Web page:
A Raisin in the Sun
Palm Beach Dramaworks,
201 Clematis St.,
West Palm Beach, Fla. ($55),
561-514-4042, closes March 3
West Palm Beach, Fla.
What makes a play political? Sometimes it's all in the timing. "A Raisin in the Sun," Lorraine Hansberry's 1959 drama about a black family that wants to move to a white neighborhood, doubtless came across as strongly political when it first opened on Broadway. How could it have been otherwise? Fifty-four years later, though, "Raisin" seems not so much a here-and-now assault on racism as a history play about black culture in the Eisenhower era, and what hits you hardest is the unflinching truthfulness with which Ms. Hansberry has enacted the hurtful and universal complexities of family life.
Though it's been nine years since "Raisin" was last seen on Broadway, it was already receiving its fair share of regional productions prior to the 2010 premiere of "Clybourne Park," in which Bruce Norris imagined what might have happened to the house that the Younger family bought in the early 1950s. The success of Mr. Norris's toothless little satire, however, has inspired still more companies to revive the original play on which it is based, which is what brought me down to West Palm Beach to see "Raisin." I already knew that it was effective, but Palm Beach Dramaworks' production, simply staged by Seret Scott and acted to perfection by a phenomenally well-chosen cast, suggests that it is in fact one of the finest American plays of the 20th century, one that deserves to be ranked alongside the very best work of William Inge and Tennessee Williams.
Not that there's anything out of the ordinary about "Raisin" beyond its excellence. It's a kitchen-sink domestic drama about a family that is fresh out of hope. The fact that the Youngers are black now seems less like an innovation than a detail, though it's marvelous to see how precisely Ms. Hansberry caught the tone of black life in the 1950s. What makes the play so good is its absolute sureness of craft, coupled with Ms. Hansberry's acute ear for the way that the members of close-knit families talk to one another. (August Wilson must have read "Raisin" more than once when he was learning the playwright's trade.)
Such plays demand actors of the first rank, and Ms. Scott has got them. Pat Bowie, who appeared in the New York productions of Horton Foote's "Dividing the Estate" and "Orphans' Home Cycle," is an artist of immense solidity and assurance who plays Lena, the matriarch of the Younger family, so believably that you'll come away wondering if you might have bumped into her on the street the other day. As for Ethan Henry, whom I saw and admired in GableStage's 2012 production of "The Motherf**ker With the Hat," he rivals Sidney Poitier, who created the role of Walter Lee Younger on Broadway, then played him in the 1961 film version. You won't soon forget the anguish with which he assures his mother that life is "all divided up…between the takers and the 'tooken'" and that he is willing to shame himself in order to become one of the former.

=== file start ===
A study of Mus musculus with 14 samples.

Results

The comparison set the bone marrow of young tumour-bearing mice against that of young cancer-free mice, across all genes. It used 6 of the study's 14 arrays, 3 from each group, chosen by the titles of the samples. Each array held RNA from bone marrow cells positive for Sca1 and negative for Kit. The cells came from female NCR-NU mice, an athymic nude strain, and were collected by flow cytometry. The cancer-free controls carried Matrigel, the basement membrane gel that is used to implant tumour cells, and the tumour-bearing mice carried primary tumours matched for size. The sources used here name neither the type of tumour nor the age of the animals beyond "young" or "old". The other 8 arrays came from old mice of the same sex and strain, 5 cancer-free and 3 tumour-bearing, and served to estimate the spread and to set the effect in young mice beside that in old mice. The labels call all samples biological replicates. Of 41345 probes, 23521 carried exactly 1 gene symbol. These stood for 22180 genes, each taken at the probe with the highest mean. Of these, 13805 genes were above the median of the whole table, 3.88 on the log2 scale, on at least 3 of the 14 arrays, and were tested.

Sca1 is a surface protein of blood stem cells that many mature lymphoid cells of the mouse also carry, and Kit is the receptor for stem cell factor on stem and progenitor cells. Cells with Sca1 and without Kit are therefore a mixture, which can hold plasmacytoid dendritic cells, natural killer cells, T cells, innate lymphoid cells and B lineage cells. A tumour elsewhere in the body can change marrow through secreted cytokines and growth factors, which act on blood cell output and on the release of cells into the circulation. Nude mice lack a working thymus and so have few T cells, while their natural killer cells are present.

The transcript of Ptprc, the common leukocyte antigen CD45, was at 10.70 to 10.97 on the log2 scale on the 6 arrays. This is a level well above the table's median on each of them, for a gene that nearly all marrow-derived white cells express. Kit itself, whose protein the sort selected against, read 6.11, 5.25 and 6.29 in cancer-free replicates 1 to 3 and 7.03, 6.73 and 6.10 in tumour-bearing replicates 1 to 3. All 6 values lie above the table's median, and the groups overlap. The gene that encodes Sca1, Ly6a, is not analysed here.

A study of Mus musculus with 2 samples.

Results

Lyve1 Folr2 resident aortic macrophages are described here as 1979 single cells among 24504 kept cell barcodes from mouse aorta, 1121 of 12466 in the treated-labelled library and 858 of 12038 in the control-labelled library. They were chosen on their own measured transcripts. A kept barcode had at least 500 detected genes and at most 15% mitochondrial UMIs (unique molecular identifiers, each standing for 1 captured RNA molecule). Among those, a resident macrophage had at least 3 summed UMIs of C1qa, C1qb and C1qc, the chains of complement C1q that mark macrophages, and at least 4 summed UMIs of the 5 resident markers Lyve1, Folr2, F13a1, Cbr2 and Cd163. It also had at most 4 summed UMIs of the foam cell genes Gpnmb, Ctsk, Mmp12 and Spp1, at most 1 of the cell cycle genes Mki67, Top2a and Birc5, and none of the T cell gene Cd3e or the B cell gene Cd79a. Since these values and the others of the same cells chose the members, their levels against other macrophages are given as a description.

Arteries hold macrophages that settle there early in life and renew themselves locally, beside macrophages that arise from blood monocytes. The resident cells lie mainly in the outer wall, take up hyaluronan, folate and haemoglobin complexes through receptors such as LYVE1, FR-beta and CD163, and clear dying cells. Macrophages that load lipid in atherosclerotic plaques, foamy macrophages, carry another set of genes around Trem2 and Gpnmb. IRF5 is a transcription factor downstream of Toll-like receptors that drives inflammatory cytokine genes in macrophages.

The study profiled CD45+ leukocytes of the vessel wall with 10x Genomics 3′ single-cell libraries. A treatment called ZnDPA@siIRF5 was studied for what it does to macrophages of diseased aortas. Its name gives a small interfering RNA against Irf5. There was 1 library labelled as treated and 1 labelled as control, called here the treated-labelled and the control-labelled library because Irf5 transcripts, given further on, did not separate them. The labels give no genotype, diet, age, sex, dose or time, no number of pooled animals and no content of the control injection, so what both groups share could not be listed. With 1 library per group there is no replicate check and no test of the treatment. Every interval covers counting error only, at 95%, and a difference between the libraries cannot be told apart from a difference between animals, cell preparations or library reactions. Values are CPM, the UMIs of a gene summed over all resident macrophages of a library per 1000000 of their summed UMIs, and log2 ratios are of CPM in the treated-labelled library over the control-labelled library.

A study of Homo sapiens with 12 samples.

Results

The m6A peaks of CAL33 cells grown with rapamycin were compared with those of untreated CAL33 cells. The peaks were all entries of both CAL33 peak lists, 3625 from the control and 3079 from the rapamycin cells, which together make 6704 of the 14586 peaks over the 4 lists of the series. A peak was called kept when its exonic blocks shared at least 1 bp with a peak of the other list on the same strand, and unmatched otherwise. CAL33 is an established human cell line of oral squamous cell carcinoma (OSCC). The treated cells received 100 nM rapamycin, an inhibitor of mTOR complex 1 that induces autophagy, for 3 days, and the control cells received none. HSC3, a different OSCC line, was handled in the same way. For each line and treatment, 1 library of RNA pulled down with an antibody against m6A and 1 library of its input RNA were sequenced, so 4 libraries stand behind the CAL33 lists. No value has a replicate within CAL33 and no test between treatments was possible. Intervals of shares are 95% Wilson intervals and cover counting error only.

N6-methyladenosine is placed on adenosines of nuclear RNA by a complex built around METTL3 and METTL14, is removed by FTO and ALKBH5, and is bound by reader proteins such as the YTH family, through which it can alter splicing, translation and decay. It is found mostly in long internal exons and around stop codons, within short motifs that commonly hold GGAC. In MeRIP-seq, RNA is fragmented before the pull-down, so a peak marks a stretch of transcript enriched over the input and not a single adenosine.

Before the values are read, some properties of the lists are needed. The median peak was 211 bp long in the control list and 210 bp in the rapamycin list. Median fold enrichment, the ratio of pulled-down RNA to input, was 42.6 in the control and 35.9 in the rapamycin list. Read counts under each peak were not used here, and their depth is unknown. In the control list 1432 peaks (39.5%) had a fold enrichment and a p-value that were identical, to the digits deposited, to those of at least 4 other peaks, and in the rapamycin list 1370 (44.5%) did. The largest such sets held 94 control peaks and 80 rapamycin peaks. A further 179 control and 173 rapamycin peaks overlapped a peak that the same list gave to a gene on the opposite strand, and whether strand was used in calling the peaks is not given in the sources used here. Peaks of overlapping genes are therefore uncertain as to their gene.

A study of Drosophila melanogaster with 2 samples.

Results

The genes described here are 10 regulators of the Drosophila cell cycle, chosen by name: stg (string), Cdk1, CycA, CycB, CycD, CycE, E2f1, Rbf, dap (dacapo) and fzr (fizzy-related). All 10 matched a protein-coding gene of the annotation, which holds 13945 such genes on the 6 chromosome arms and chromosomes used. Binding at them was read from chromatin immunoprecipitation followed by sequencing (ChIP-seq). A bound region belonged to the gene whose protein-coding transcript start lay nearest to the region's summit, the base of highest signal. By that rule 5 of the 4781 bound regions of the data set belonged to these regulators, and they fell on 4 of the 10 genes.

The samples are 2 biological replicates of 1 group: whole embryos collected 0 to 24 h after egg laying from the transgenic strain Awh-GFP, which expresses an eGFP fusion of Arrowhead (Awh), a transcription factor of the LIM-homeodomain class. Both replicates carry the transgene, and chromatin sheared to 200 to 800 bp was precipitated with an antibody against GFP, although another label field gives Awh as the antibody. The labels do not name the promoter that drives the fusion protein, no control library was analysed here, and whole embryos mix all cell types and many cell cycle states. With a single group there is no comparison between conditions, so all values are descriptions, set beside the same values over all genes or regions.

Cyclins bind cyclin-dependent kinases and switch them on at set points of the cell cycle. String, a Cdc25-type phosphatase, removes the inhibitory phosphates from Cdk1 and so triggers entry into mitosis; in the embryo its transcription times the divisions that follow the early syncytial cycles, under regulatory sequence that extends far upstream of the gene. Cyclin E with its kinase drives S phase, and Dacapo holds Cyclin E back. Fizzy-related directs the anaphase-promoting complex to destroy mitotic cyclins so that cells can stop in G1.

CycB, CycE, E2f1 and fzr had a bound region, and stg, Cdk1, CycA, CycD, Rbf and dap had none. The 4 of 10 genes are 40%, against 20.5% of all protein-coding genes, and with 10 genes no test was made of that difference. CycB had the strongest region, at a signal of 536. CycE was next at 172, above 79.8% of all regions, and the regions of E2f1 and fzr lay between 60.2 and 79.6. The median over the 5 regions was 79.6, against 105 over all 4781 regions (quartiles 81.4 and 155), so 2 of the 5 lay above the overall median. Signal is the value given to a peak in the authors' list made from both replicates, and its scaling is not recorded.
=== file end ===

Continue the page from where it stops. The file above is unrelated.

The rest of the cast is worthy of the exalted standard set by Ms. Bowie and Mr. Henry, and Paul Tate dePoo III, the set designer, has conjured up an apartment so shabby that you can all but hear the cockroaches scurrying through the living room. If you'd been at last Saturday's matinee, you would also have heard weeping throughout the auditorium during the final scene of this glorious revival. Never have tears been so honestly earned.
Orlando Shakespeare Theater,
812 E. Rollins St., Orlando, Fla.
Closes March 16
Traditional stagings of Shakespeare's plays are hard to come by these days, and it's refreshing to be reminded, as Orlando Shakespeare is currently doing in its outstanding version of "Othello," that the greatest of all English-speaking playwrights can scrape along quite nicely without hip costumes or self-consciously clever directorial touches. Brian Vaughn's production takes place in 16th-century Venice and Cyprus, not Greenwich Village or Nazi Germany, and unfolds on a flexible Elizabethan-style unit set designed by Bert Scott that hurls you from scene to scene with electric swiftness. Nothing is allowed to divert your attention from Shakespeare's harsh portrayal of jealousy run rampant, and the cast tells the tale briskly and forcefully.
Mr. Vaughn's staging is Iago-centric, and Martin Yurek is more than equal to the challenge of bringing Shakespeare's vengeful monster to horrific life. His demeanor is modern but not anachronistically so, and he steers clear of mustache-twirling melodrama, coolly confiding his malign purpose to the audience. Esau Pritchett brings a hugely commanding physical presence to the title role, and Lindsey Kyler (who is much shorter than Mr. Pritchett, a telling touch) is delicate but not insipid as Desdemona. Britt Sandusky, the sound designer, has supplied a score that is strongly cinematic in its effect, while Eric T. Haugen has lighted the stage in such a way as to emphasize its darkness and depth. If you've never seen "Othello," this would be the ideal way to make its acquaintance.—Mr. Teachout, the Journal's drama critic, blogs about theater and the other arts at www.terryteachout.com. Write to him at email@example.com.